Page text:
Better Apps

Dan Donahoo, a writer for Wired magazine’s Geekdad column and a great advocate for children’s digital media, has launched an interesting new website, Better Apps. The site offers app developers a self-assessment tool to evaluate their apps for educational content in four areas, and gives parents information about which apps have met certain educational criteria.

This strikes me as being a very useful sort of thing for a couple of reasons. Firstly, there’s very little thorough research, quantitative analysis, or benchmarked assessment taking place in the kids app sector. There’s lots of interesting stuff coming out of the Joan Ganz Cooney Center in New York, which we’ve written about on this blog before (though mostly these are relatively small scale studies), and occasionally pieces of research with overlapping interests emerge from other sectors, but broadly speaking it has been a fairly neglected area of study.

Secondly, I suspect/ hope that with more assessment of this sort taking place, the greater the likelihood that a codified set of criteria for assessing apps will emerge. As a medium, apps are still relatively new, and one of the exciting (and challenging) things about that is the reality that the means by which we should judge their merit are not readily agreed upon (and indeed, I still find myself explaining what an app is, or how our apps differ from ebooks at least once a week). In a blogpost from August, I asked parents what the most important thing about an app was for them. Narrative? Interactivity? Aesthetics? These, I suppose, are the sort of criteria I had in mind, and in the same way that one might expect to find criticism of character, plotting and language in a book review, I think a broadly standardised set of parameters need to be reached for apps before the form can fully mature.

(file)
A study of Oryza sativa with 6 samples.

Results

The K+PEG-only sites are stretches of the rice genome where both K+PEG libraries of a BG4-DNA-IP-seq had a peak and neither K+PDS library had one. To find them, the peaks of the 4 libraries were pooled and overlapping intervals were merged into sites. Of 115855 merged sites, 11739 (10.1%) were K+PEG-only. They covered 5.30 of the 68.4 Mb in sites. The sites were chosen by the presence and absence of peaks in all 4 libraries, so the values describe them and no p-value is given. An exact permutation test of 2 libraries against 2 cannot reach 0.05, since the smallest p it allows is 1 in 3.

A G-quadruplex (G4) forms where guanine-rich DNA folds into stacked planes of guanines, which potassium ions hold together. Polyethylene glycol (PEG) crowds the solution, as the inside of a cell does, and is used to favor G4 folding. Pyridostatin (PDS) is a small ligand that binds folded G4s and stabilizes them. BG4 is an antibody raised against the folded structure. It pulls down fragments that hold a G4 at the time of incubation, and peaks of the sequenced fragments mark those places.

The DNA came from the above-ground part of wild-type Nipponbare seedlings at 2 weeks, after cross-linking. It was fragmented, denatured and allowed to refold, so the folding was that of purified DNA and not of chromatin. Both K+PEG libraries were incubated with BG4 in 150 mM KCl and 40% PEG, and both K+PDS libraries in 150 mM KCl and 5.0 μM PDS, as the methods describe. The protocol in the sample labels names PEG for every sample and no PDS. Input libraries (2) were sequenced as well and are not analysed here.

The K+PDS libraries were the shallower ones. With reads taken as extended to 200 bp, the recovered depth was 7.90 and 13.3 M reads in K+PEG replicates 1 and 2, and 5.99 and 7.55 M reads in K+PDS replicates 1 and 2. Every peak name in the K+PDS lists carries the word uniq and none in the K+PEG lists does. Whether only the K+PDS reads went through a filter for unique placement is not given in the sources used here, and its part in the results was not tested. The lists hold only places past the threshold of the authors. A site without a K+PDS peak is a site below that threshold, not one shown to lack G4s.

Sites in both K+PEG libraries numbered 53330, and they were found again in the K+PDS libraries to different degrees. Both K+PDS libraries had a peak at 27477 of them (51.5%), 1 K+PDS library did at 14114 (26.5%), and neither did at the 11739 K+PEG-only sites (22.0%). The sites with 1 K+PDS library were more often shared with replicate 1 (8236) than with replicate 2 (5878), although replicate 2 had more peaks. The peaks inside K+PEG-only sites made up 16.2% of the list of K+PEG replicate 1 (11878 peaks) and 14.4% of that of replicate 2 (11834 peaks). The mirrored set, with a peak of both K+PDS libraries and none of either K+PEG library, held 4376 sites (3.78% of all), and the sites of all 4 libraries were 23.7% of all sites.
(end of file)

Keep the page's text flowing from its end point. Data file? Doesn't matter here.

And thirdly, I think this could be a great tool for developers looking for feedback and for parents and teachers looking for great educational content. Dan kindly ran our Bizzy Bear Builds a House app through the assessment tool while the site was in beta mode and it is now ranked number one in the literacy/ language category for Early Years (0-7) users. We’re looking forward to applying the tool to our other apps and seeing how they fare, particularly given the different categories that they straddle: some, like Rounds: Franklin Frog, have a specifically educational purpose (and the picture at the top of this post is of its placement as an Editor’s Choice App in the Education category of the App Store in the US), whereas an app like Pip and Posy: Fun and Games is more game-based (while still promoting creativity and emotional development through the painting and make-a-face activities).

What do you look for in an educational app? And how do you decide which ones to buy? We’d really love to hear from you if you’re a parent or teacher making these decisions.